Homerun

Donating Member
  • Content Count

    909
  • Joined

  • Last visited

  • Days Won

    8

Homerun last won the day on May 9 2018

Homerun had the most liked content!

Community Reputation

59 Excellent

About Homerun

  • Rank
    4

Recent Profile Visitors

3,580 profile views
  1. Not true at all. A cursory glance at the AC website indicates this.
  2. I don’t agree. Things have changed from years ago. Historically you had maybe 10-20% of the passengers on a Rapidair or any flight for that matter, connecting from other flights. Nowadays its north of 50%, sometimes as high as 70-80%. So in a snow event you are going to have a very high number of misconnects. There are also a higher percentage of fully flexible tickets on Rapidairs and these passengers will switch flights or cancel instead of dealing with weather issues. I have seen a small airbus oversold by 60 on this route due to snowstorm cancellations etc and gotten a seat on a c2. This is true out of YYZ and YVR as well. Loads are less of an indicator of standby chances as they they historically were due to the very high percentage of connections nowadays.
  3. The Max sim does not replicate the MCAS scenario. They are training for it by having one pilot trim nose down to approximate the MCAS firing but the trim change is much slower.
  4. Was the landing on runway 14 or did the press get it wrong and it was actually 32? What is the landing distance of a 737-800 with a 7-9 kt tailwind on a wet to snow covered runway?
  5. http://avherald.com/h?article=4cc482c2 Here is good picture of the cracked windshield from the summer event. Both of these recent events were the outer glass pane. The inner 2 panes are acrylic.
  6. Boestar, that’s not my understanding. It’s spelled out in the regulations for certification as a common type, control feel must be essentially the same. You are correct in that it is the positioning of the engines that causes the Max to feel light in pitch compared to the NG. But any aircraft with engines mounted under the wing will pitch up with thrust. Of course we wouldn’t be discussing this if Boeing hadn’t continued on with this antique, still using cables and pulleys. FBW and this wouldn’t be an issue.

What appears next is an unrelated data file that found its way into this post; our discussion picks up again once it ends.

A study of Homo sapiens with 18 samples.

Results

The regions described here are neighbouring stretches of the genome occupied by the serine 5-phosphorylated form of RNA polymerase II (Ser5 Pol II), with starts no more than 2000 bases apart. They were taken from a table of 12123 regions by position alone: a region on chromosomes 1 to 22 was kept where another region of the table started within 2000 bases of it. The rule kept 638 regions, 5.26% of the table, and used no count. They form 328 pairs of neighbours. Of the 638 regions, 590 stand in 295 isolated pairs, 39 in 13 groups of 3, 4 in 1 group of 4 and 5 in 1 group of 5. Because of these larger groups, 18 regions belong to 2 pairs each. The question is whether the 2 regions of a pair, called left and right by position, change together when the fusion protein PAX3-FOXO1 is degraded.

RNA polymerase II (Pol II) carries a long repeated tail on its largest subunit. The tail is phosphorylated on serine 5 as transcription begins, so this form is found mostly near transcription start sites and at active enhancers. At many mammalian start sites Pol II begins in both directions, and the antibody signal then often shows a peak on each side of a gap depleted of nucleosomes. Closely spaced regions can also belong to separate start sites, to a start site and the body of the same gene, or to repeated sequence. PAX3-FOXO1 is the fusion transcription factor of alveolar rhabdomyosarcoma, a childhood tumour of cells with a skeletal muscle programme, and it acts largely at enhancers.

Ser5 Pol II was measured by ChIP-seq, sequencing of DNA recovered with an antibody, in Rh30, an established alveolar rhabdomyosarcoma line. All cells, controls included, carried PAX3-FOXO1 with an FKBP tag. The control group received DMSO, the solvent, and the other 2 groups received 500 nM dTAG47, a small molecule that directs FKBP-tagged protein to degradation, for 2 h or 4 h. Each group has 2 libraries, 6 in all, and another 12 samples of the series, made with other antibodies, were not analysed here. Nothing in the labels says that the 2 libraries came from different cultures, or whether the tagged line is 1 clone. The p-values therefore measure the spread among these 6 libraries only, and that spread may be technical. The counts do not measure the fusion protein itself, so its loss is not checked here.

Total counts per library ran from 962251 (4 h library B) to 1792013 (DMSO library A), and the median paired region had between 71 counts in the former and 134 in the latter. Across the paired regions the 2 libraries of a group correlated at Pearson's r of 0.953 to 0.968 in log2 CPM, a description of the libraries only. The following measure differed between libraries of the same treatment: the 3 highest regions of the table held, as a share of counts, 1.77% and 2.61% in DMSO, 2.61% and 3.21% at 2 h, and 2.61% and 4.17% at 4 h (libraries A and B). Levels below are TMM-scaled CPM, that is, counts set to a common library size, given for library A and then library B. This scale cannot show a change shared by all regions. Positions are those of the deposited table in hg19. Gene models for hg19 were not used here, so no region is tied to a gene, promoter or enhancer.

7. The system introduces nose down trim so that the control feel on the yoke in the pitch axis feels the same as the NG. To be certified as a common type with the NG the control feel must be similar through all flight regimes. The MAX was too light in pitch feel in the flaps up, high AOA regime to be certified as a common type, hence the need for MCAS. It essentially puts the airplane in an out of trim state so it feels heavier on the yoke, that’s it. It has nothing to do with preventing stalls.
  8. The AC flights from YYZ-DEL and DEL-YYZ were routinely over 16hrs this spring with the detour around Pakistan.
  9. Better do some research into AC’s finances MD2. I don’t see much in your post that is factual.
  10. BA didn’t have flat beds in 2006. AC was one of the few, if only airlines with a lie flat product across the Atlantic back then on most widebody aircraft. The 330’s, 340’s and majority of 767’s received new interiors with the first lie flat seats in 2005. AC hasn’t been a crown company in 30 years. What bailouts? How is a disappointing flight from 13 years ago on a newly merged airline with a mixed fleet which was undergoing a refleeting at the time relevant to Swoop which is operating one type? MD2 you are really scraping the bottom of the barrel.
  11. When did AC recently cancel most of its flights? I don’t recall hearing about it as it would have shut the Country down. There are roughly 1600 per day including affiliates.
  12. https://mobile.twitter.com/seref737/status/1139239759434407941
  13. From Airbus The A321LR – a new variant of Airbus’ A321neo, deliveries of which began in 2018 – has the longest range of any single-aisle jetliner, able to fly routes of up to 4,000 nm with 206 passengers while utilising extra fuel stored in three Additional Centre Tanks (ACTs). Ideally-suited to transatlantic routes, the A321LR allows airlines to tap into new long-haul markets that were not previously accessible with current single-aisle aircraft. Operators can outfit it in state-of-the-art two-class configurations with full-flat seats for true long-haul comfort, or in a single-class layout.